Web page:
Saravan Revolt Shows Economic Misery, Systemic Corruption Continue to Fuel Uprisings in Iran

By NCRI-US Staff Writer, March 3, 2021

On February 22, 2021, Iran regime’s Revolutionary Guard Corps (IRGC) killed nine Baluchi fuel porters and injured dozens more near the city of Saravan, sparking protests across Sistan and Baluchestan Province. Many locals, forced into poverty in the crumbling economy of the mullahs’ regime, have resorted to small-time fuel smuggling in order to feed themselves and their families. In an effort to “clamp down” on the trafficking, the IRGC dug ditches to prevent the fuel porters from crossing the border. When faced with a group of impoverished protesting porters, the IRGC opened automatic machinegun fire.

The regime persists in pedaling a narrative of “reasonable government push-back” against fuel smuggling. This narrative is severely undercut, however, by the regime’s own ongoing smuggling activities and mafia-style gang ties. According to Ehsan Hooshmand, a regime analyst, “In the smuggling operations of mafia gangs, 100 trucks cross the border with official warrants.” According to Hooshmand, the regime’s smuggling gangs smuggle 10-15 million liters of fuel every day, the value of which is so great that “if 50 percent of it is curtailed, it would give the county’s economy a yearly $6 billion boost.” 

In response to the killings, citizens from cities across Sistan and Baluchestan Province held rallies and protests the following day, February 23. The demonstrations congregated around the Saravan governorate building. Once again, the IRGC opened fire on the unarmed protesters, bringing the total number of those slaughtered to 40 civilians and wounding an additional 100 people. Despite the violence, protesters were able to bravely force the heavily armed IRGC out of the building and surrounding bunkers with only their bare hands and stones.

The brutal regime has since placed Sistan and Baluchestan under lockdown and security forces are on full alert. Furthermore, the regime is depriving the Razi Hospital in Saravan of critical supplies and blocking the injured from seeking any form of medical attention. To prevent any reports of the protests or the heinous attacks by government forces against unarmed civilians, the regime has effectively shut down internet access by blocking the mobile data network across Sistan and Baluchestan, a province where 96% of the population accesses the internet through their phones. Speaking to the Associated Press, Amir Rashidi from Miaan Group, a human rights organization that focuses on digital security in the Middle East, stated that the internet restrictions were a “traditional response to any kind of protest,” and that “shutting down the internet to block news and pictures getting out makes (authorities) feel more comfortable opening fire.”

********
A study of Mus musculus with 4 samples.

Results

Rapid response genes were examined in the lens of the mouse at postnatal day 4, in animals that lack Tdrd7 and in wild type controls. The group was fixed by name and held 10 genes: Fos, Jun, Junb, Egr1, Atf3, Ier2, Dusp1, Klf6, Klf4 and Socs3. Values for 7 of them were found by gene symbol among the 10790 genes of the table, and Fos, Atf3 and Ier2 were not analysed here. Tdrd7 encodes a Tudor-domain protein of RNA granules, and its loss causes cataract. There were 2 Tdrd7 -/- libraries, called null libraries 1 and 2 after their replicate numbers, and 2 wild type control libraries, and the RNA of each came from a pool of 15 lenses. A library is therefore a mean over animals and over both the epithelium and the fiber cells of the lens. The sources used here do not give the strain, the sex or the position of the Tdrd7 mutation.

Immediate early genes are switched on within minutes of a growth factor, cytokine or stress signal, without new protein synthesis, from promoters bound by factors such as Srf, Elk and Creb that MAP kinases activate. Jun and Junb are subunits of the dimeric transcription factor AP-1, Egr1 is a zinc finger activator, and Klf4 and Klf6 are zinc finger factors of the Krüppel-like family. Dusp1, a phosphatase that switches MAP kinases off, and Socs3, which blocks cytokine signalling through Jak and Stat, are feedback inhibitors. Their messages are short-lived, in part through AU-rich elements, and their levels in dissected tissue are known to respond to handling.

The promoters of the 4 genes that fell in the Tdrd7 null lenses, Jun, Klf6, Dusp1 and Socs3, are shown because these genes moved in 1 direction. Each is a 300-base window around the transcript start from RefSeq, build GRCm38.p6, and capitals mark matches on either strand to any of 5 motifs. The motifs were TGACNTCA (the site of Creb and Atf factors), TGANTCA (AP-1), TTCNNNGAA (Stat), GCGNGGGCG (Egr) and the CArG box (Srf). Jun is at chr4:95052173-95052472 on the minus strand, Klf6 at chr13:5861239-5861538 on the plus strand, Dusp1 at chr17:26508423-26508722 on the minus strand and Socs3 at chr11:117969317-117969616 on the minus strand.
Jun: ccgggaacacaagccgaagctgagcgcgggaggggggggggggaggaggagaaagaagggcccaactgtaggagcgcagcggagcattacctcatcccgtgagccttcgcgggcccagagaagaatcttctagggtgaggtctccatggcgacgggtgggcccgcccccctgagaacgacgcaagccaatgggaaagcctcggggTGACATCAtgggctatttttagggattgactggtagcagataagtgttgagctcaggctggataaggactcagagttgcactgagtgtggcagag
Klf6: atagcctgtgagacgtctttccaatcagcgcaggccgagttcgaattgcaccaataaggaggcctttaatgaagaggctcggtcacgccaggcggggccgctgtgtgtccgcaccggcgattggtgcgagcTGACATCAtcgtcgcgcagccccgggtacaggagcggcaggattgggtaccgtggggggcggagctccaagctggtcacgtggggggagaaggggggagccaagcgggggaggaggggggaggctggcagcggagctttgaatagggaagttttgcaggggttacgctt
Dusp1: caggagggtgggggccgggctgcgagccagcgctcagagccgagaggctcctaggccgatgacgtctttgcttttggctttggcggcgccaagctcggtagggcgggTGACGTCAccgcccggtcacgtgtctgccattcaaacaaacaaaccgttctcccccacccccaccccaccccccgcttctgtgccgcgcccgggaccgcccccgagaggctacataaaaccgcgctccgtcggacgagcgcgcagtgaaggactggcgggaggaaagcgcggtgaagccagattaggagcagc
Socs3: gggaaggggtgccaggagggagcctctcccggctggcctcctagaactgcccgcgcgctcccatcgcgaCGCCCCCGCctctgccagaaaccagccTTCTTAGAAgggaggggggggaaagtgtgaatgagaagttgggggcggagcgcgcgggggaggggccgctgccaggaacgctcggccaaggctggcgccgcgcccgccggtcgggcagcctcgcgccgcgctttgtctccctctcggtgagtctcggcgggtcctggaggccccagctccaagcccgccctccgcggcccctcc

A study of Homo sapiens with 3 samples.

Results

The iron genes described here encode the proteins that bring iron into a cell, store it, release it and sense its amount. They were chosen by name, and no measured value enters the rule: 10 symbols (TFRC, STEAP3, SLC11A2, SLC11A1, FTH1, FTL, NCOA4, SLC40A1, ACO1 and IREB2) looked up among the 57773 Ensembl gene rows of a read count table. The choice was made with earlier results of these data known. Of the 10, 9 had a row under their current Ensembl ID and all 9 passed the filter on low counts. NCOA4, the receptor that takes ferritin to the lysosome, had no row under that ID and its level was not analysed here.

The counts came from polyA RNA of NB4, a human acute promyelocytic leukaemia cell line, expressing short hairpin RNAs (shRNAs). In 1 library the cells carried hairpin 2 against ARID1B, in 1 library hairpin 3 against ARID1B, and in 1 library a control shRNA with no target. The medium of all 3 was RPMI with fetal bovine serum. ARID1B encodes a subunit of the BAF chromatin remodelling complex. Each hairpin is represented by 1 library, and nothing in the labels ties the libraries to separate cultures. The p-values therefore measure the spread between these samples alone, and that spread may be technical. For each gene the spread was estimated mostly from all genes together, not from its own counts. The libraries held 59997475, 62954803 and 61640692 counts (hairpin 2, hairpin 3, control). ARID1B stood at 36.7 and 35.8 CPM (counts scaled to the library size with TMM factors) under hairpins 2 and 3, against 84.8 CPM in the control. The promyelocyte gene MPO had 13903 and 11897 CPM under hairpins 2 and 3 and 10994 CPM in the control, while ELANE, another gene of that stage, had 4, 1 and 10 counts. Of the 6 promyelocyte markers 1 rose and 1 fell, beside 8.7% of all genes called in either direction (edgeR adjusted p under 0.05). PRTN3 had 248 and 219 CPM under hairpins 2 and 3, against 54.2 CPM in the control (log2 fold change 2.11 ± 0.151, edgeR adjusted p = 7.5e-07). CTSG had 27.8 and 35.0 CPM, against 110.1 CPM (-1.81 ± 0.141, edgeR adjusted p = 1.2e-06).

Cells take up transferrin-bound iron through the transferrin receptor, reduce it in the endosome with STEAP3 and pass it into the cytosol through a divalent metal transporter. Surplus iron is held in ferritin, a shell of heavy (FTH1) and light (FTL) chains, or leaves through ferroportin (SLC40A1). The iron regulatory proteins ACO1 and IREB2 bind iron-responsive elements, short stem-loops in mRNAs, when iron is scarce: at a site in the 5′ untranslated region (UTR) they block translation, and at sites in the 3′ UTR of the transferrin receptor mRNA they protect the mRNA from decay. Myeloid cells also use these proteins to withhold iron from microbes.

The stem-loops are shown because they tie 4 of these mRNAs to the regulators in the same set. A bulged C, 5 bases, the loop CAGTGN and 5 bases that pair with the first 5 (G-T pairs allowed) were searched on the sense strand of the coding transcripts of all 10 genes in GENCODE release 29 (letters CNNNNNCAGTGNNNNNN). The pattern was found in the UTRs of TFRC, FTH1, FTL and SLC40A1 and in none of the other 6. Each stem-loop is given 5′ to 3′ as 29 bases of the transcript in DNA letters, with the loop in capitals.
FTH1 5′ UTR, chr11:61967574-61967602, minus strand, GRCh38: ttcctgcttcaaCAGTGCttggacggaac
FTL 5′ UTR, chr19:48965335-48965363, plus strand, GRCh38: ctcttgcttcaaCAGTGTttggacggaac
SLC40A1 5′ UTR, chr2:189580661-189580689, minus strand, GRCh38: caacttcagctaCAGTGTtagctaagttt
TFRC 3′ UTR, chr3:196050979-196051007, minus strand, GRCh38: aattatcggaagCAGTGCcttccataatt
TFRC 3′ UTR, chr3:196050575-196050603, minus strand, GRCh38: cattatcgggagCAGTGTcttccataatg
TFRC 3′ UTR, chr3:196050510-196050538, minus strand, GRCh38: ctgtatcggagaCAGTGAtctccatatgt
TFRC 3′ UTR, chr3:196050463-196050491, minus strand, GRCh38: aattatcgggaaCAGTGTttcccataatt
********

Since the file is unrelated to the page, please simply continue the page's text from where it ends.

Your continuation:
The U.S. State Department highlighted on February 25th the “Deeply concerning reports of internet outages and government violence against fuel carriers and protestors in Iran’s Sistan & Baluchestan province,” and called “upon Iran to uphold its commitments to human rights and fundamental freedoms, including freedom of expression and peaceful assembly.”

“Iran’s Revolutionary Guards unlawfully used lethal force against unarmed fuel porters near the city of Saravan, in Sistan and Baluchestan province, on 22 February, flagrantly violating the absolute prohibition on the arbitrary deprivation of the right to life under international law,” said Amnesty International on March 2, 2021.

“Given the systematic impunity prevailing in Iran for serious human rights violations and other crimes under international law, Amnesty International urges members of the international community to push for truth and justice for the grave violations of the right to life committed by Iran’s security forces on 22 February,” AI said.

The uprisings in Saravan are only the latest calls for justice in Iran.  The regime has continued a brutal “whack-a-mole” campaign against dissent and popular uprisings, most notably since 2018. Despite the snowballing call for change, the regime has failed to alter its behavior accordingly. As Shahriar Mandanipour, a regime-linked political analyst, warned in December, “[Government-led] rent-seeking activities; unbridled inflation; the lavish lifestyle of the children of officials; corruption and embezzlement; the gradual dissipation of the middle class; poverty and the deep gap between the poor and the wealthy; and the existence of stunning palaces next to slums; all of these have brought the tolerance of the impoverished citizens to its lowest level.”

As events in Saravan continue to unfold, the protests appear to fit within a greater paradigm of instability and social unrest, begging the question, how much longer can the mullahs’ regime last? Once more, the international community must be reminded that the mullahs’ barbaric regime has no interest in the rights or security of its citizens. A realistic policy toward Tehran must, in addition to holding accountable its irredeemable rulers, recognize the cries for change from Iran’s oppressed people.